PHILDELPHIA -- As Philadelphia Fire Department medic units have struggled to answer 9-1-1 calls in recent years, one thing they didn't have to do was plant two ambulances along the Schuylkill during the spring and summer regattas.

That special-event service was provided by private, nonprofit ambulance companies - until this year.

Private ambulance companies say they've been told they're out of the regatta business, and organizers are now being required to pay the city for Fire Department medic crews instead.

"I was totally upset," said Sigmund Fine, president of the nonprofit Rhawnhurst-Bustleton Ambulance, which provided service to several regattas in recent years. "We look forward to this. It helps us out with our coffers, and the city doesn't have the manpower."

Opinions differ about whether the new policy will affect 9-1-1 service, but the city should net some revenue from it.

Nonprofit ambulance services usually earn about $5,000 by staffing a regatta for two days. Those payments now go to the city's general fund.

City Controller Alan Butkovitz, who's been harshly critical of slow response times by city medic crews, said he couldn't understand the change.

"Why would we do that?" Butkovitz asked during an interview last week. "If we're hard-pressed to provide fire-rescue service for the city, why would we dedicate units for this specialized service?"

Mayor Nutter added five ambulances in February in response to concerns about slow response times, but Butkovitz said his study showed that about 20 were needed to get the city up to national response-time standards.

Fire Commissioner Lloyd Ayers said that the city often provides coverage for special events, and that any units assigned to the regattas would be staffed with overtime and would not impede 9-1-1 response.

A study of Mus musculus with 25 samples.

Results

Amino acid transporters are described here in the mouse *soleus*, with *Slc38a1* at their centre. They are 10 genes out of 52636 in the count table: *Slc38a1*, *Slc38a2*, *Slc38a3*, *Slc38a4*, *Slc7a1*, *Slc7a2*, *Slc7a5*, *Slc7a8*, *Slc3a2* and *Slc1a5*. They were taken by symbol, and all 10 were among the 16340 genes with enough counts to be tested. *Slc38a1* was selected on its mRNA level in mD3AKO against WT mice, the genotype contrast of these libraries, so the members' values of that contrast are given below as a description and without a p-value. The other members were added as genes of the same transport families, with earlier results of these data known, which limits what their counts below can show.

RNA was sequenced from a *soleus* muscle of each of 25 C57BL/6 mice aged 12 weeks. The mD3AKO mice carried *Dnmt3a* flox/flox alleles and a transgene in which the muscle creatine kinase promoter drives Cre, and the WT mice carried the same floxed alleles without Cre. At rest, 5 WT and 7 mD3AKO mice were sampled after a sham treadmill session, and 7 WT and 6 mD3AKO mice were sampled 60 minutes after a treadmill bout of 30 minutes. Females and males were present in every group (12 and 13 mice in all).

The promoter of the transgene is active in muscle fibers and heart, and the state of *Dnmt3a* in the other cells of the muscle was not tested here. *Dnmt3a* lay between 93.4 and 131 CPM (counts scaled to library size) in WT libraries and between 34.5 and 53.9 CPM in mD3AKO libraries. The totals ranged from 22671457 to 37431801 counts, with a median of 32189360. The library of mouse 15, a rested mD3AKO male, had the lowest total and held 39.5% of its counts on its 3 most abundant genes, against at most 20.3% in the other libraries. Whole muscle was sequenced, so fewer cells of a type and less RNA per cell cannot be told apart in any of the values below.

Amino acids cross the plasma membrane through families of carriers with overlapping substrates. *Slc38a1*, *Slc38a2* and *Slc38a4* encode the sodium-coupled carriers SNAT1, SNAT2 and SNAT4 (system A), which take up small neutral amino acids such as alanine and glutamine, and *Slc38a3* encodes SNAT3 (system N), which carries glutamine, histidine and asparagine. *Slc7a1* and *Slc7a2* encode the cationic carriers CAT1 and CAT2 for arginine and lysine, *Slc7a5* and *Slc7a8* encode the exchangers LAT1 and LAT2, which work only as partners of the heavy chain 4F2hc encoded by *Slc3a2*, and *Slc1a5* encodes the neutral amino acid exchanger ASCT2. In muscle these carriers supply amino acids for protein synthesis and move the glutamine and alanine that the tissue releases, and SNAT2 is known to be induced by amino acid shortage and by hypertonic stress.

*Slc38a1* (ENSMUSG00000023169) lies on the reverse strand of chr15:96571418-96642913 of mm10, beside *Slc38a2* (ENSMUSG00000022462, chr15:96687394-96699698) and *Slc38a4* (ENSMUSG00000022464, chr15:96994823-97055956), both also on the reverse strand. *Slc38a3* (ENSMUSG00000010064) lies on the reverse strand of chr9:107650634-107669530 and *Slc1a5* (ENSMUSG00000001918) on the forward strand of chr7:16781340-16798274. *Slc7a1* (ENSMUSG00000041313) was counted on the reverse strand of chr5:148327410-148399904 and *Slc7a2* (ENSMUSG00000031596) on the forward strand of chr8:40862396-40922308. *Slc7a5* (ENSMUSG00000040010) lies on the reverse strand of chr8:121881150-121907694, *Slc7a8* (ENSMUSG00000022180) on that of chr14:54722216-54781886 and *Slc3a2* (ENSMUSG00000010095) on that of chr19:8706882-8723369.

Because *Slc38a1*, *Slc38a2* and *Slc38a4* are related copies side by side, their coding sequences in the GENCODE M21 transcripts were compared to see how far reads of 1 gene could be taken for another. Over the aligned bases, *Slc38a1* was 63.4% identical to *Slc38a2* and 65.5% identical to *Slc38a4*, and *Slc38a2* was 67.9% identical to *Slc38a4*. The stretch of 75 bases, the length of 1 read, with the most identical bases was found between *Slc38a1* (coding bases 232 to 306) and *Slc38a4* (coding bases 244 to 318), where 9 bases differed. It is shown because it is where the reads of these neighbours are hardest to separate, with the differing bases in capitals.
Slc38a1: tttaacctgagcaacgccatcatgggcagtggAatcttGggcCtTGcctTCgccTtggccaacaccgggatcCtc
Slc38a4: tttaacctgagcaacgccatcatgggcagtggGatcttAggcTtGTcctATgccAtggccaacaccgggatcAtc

"We're not going to take a company from the middle of North Philadelphia and sit them down on the river," Ayers said Friday.

What's unclear is where the notion to replace private ambulances with city crews came from.

Ayers said he had nothing to do with such a decision. Mayor Nutter's press office did not return calls for comment.

Two private ambulances and one regatta organizer said the policy was communicated by staff of the Fairmount Park Commission, which controls the area along Kelly Drive.

Commission chief of staff Barry Bessler said that the commission has always encouraged but not required organizers to use city ambulance crews.

"We have not changed what we have done in the past," Bessler said.

But Commodore Clete Graham of the Schuylkill Navy, which runs the Stotesbury Cup Regatta and several others, said he was told in discussions with Fairmount Park staff that emergency medical services would be different this year.

"They said the Fire Department is going to be offering this service this year," Graham said. Asked if it was offered as an option, Graham said: "It was pretty much mandatory."

"We've used Rhawnhurst ambulances in the past," Graham said. "They treated us fine, the prices were fine, but we had to tell them we're not going to use them."

Graham said he thinks the city's service may be an improvement, as the Fire Department will also provide personnel moving through the spectator area on Segway transporters.